Clarify your values to bring more alignment to an area of your life that seems unclear. Resolve indecisiveness, procrastination, and waffling that stems from unclear or misaligned criteria.
Select a life area in which your values seem unclear.
Select a life area such as career, finances, or relationships, in which you feel that your decision-making or actions are not based on a firm foundation of values or criteria.
Create a hierarchy of criteria.
a. Start by thinking of a trivial act that you could do, but wouldn’t bother to.
Ask what you would accomplish by refraining from this action.
Typically, you would save time.
Be sure to state the criteria in positive terms.
b. Now ask what might get you to take this action anyway.
Note what you find important about this condition.
For example, if you said that you would stand on a chair because you needed to replace a light bulb, you might feel that being able to see and function in your kitchen is more important than two minutes of time.
This technique can be summarized so far as starting with a trivial act you would not do, citing the value that would prevent you from doing it, then stating the condition that would get you to do it. At this point, you think of a condition that would reverse your stance.
c. Think of a condition that would stop you from doing it.
d. State the value that would apply.
For example, perhaps you would not replace the bulb if you had to meet an urgent deadline and didn’t need to be in the kitchen for that.
The value might be the importance of maintaining your accounts, staying out of jail, or being on time for an appointment. Try to summarize the value in one word, in addition to the brief statement of the value. For being on time, you might add, “punctuality.”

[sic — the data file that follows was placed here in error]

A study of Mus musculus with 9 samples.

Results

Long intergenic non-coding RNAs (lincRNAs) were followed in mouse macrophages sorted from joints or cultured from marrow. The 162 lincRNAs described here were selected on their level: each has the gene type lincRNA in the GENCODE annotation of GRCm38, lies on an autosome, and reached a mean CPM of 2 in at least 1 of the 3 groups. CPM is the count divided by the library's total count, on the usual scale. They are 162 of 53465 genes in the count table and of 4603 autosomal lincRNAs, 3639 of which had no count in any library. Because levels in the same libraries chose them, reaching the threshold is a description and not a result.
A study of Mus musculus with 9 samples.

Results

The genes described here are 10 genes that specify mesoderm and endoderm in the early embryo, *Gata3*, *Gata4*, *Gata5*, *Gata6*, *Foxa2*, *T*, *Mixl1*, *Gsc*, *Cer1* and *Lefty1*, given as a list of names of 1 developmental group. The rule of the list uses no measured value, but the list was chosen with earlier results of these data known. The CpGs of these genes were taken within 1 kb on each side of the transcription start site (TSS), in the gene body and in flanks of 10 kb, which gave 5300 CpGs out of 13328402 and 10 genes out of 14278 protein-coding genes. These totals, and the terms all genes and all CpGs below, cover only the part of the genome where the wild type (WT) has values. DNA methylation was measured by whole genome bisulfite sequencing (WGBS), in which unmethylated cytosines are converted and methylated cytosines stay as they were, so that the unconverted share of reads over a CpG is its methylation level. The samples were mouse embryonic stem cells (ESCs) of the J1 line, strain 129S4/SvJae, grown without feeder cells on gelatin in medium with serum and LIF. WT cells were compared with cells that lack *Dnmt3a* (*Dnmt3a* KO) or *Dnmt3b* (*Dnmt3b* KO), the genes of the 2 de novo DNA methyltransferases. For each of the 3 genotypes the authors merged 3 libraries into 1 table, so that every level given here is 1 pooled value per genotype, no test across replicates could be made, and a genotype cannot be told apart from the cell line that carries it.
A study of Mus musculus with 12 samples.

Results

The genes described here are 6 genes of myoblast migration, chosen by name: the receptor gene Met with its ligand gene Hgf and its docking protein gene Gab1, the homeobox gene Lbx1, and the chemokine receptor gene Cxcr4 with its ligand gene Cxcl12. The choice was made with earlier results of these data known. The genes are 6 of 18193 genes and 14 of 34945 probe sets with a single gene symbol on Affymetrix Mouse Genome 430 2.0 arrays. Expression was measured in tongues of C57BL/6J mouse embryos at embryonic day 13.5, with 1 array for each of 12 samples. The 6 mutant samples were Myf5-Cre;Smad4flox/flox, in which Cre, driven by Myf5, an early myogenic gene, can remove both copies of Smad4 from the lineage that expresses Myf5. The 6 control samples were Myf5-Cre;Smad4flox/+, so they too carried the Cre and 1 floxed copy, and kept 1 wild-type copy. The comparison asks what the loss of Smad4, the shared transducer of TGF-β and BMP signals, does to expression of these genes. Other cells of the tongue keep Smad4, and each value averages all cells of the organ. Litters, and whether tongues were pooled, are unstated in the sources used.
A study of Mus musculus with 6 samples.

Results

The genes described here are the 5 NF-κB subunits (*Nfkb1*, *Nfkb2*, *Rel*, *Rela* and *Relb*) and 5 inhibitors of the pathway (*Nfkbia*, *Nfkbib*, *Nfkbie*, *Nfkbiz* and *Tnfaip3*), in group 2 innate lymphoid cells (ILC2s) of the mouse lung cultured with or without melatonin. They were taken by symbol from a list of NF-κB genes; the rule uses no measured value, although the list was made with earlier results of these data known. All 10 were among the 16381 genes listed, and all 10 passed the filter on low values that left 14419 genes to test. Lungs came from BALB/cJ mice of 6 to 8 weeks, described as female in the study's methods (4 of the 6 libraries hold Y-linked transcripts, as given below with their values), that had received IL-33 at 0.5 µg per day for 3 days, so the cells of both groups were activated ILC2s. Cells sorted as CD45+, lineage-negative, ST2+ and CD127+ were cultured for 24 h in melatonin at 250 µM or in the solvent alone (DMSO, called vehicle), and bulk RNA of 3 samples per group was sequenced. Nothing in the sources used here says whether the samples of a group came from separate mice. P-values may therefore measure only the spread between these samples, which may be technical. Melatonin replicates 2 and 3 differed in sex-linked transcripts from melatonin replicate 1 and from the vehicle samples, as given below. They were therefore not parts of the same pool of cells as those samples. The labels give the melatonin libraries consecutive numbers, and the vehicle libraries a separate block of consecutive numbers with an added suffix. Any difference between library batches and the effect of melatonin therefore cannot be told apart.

e. Repeat this pattern.
Each time you state the criterion for your decision, come up with a condition that would get you to reverse your decision to do or not to do the action.
Then state the value behind that decision.
Complete the continuum.
As you proceed, you are creating a continuum of criteria from least to most important.
Continue until you are certain you have identified the most important criteria of all.
This will be one that you can’t trump with any condition.
Clarify the sub-modalities.
Explore the differences between the sub-modalities between the highest and lowest priority criteria.
Notice how you represent various values such as “excellence,” “healing,” and “integrity.”
Pay attention to the analog sub-modalities that vary as you describe the criteria in all primary sub-modalities.
Confirm the appropriate position and sub-modalities for each criterion.
For each criterion, decide whether you need to raise or lower it, and where it should go on the scale.
Shift its sub-modalities to match those of the next lower criterion.
Code the criterion for the degree of importance it should have by adjusting the sub-modalities.
Review again, emphasizing the value and position of the criteria.
From a meta-position, evaluate your hierarchy of values.
Ask how well these values serve you, and how well the function in their current sequence.
How well do they enable you to make resourceful decisions and experience peace of mind?
Note any criteria that you need to shift to another position, or change in any other way.
Select the criterion to shift.
Determine which criterion you wish to shift.
Determine where you want it to be.
Think about what sequence of values will move you forward as you desire.
Revise sub-modalities based on the final positions.
Gradually shift the criterion to the appropriate place on your continuum.
Based on the importance that the criterion should have, apply the sub-modalities that you feel are appropriate.
Notice which sub-modalities appear in the criteria before and after it.
Complete step #8.
Continue until you are satisfied that your value hierarchy will help guide you toward the most resourceful behaviors and decisions.
Imagine a situation in which your new criterion makes a difference. Imagine yourself in that situation fully experiencing this.
Notice over the coming days and weeks how accessible you find resourceful states for challenging situations.